Kill Adolf

Friday, August 28th, 2009

Steve Sailer suggests that Quentin Tarantino’s gifts may be better suited to a different career:

Surely, for example, Tarantino would have made an ideal Artistic Director of the Roman Colosseum during its heyday under the Emperor Commodus. “I’ve got it! We’ll start with a Mexican standoff among three gladiators, 27 Christians, two Nile crocodiles, and a giant squid. They eyeball each other tensely… suddenly, all hell breaks loose!”

He would also have served admirably as the Idea Man in the Ministry of Truth’s Fiction Department. Here’s an extract from Winston Smith’s diary that’s Tarantinoesque avant la lettre:

April 4th, 1984. Last night to the flicks. All war films. One very good one of a ship full of refugees being bombed somewhere in the Mediterranean. Audience much amused by shots of a great huge fat man trying to swim away with a helicopter after him. First you saw him wallowing along in the water like a porpoise, then he was full of holes and the sea round him turned pink and he sank as suddenly as though the holes had let in the water. Audience shouting with laughter when he sank.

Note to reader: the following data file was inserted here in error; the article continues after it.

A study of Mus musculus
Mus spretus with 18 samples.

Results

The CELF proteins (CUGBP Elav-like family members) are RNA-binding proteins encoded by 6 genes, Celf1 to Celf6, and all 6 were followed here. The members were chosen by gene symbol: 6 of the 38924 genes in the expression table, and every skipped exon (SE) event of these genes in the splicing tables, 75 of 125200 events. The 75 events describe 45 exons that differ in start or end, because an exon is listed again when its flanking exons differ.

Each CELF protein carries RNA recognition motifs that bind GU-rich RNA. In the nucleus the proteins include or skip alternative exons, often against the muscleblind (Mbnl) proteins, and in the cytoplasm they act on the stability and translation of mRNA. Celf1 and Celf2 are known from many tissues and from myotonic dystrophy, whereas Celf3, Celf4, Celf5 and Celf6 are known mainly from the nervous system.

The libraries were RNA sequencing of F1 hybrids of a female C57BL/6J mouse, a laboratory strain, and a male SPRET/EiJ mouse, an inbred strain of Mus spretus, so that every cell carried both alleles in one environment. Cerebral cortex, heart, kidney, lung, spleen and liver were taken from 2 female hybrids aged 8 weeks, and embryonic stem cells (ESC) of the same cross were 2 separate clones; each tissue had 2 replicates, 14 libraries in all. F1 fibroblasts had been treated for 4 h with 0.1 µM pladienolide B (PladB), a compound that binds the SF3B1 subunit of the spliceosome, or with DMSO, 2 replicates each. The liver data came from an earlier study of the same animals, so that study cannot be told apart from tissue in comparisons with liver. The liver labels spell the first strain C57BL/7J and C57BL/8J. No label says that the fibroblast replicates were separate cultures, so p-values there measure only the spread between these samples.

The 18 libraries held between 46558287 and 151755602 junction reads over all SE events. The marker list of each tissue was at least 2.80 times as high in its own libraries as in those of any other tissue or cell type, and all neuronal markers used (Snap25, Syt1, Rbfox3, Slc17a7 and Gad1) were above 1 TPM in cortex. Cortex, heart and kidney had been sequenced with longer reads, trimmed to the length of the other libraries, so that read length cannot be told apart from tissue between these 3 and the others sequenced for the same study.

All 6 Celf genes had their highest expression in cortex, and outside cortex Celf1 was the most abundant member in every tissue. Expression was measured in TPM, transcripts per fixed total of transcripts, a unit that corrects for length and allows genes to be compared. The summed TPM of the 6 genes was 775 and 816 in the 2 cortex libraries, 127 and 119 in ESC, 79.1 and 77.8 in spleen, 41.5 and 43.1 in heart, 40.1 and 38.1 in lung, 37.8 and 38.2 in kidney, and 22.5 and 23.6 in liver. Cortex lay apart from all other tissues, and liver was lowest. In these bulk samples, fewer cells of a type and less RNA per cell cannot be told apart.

Granted, if Tarantino worked for Minitrue, this bit of action would have been preceded by 17 minutes of exhaustively clever dialogue riffing on sinking ship scenes from old movies, famous and obscure. The default trajectory of Tarantino’s screenwriting is to dissipate momentum until the story lies dead in the water, only to desperately jolt it back to life via carnage.